This is a paid collaboration.
We are hopefully all aware by now of the need to have fitted, working smoke alarms in our homes. People know the risks of house fires and we take proper precautions against them. We check our alarms routinely and we maintain them as required. Something that isn’t as widely considered though is the importance of Carbon Monoxide monitors and alarms.
If there was a Carbon Monoxide leak in your home, would you know what to do?
Here are some facts around the deadly gas that you may not have known…
Would you know what to do in the event of a Carbon Monoxide leak at home? I found some advice around this on the npower website. There are lots of tips there to help you to stay safe from Carbon Monoxide. They say:
If you suspect a gas leak in your home, in the same way as if there was a fire, you should leave your property immediately. If you’re able to safely leave windows and doors open as you leave then do so. Once in the fresh air, call the gas emergency number on 0800 111 999 to let them know you have a suspected carbon monoxide leak. They will arrive with the proper equipment to deal with the problem. Under no circumstances should you return to your home until you’re told it’s safe to do so.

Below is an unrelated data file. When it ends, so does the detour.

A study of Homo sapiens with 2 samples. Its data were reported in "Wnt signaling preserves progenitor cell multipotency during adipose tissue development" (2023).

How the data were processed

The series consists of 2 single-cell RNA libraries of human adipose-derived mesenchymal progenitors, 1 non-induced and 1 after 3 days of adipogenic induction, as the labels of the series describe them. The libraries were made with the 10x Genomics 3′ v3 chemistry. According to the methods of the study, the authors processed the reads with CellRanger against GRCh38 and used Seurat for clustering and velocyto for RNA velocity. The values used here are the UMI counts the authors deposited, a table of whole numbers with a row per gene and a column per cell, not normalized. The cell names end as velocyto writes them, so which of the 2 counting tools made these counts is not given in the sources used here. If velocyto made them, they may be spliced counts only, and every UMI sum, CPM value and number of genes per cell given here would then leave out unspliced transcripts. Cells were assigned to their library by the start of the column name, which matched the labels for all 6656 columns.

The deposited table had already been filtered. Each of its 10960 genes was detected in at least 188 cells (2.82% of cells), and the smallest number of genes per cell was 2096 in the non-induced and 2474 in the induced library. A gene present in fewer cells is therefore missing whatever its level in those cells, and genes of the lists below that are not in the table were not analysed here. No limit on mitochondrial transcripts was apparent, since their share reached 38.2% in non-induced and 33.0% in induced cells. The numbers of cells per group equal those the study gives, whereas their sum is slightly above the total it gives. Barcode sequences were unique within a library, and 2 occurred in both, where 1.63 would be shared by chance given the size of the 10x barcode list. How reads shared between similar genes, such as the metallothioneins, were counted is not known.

- Switch off the appliance (find out more about potential carbon monoxide sources) and do not turn it back on until you’re told it’s safe by a Gas Safe registered engineer
- If you can, shut off the gas supply at the meter control valve. If carbon monoxide gas continues to escape call National Grid on the Gas Emergency Freephone Number 0800 111 999
- Open all doors and windows to ventilate the room. Do not sleep in it
- Visit your GP urgently and tell them that you believe your symptoms may be related to carbon monoxide poisoning. Your GP should advise a blood and/or breath sample be taken
But how would you know if you had a Carbon Monoxide leak?
Well, there’s a clever device called the Nest Protect Fire and Smoke Alarm, and I have one to give away in collaboration with npower.
Simply comment on this post to let me know two of the things you should do if you suspect a Carbon Monoxide leak. Once you’re done, confirm your entry using the gleam widget below.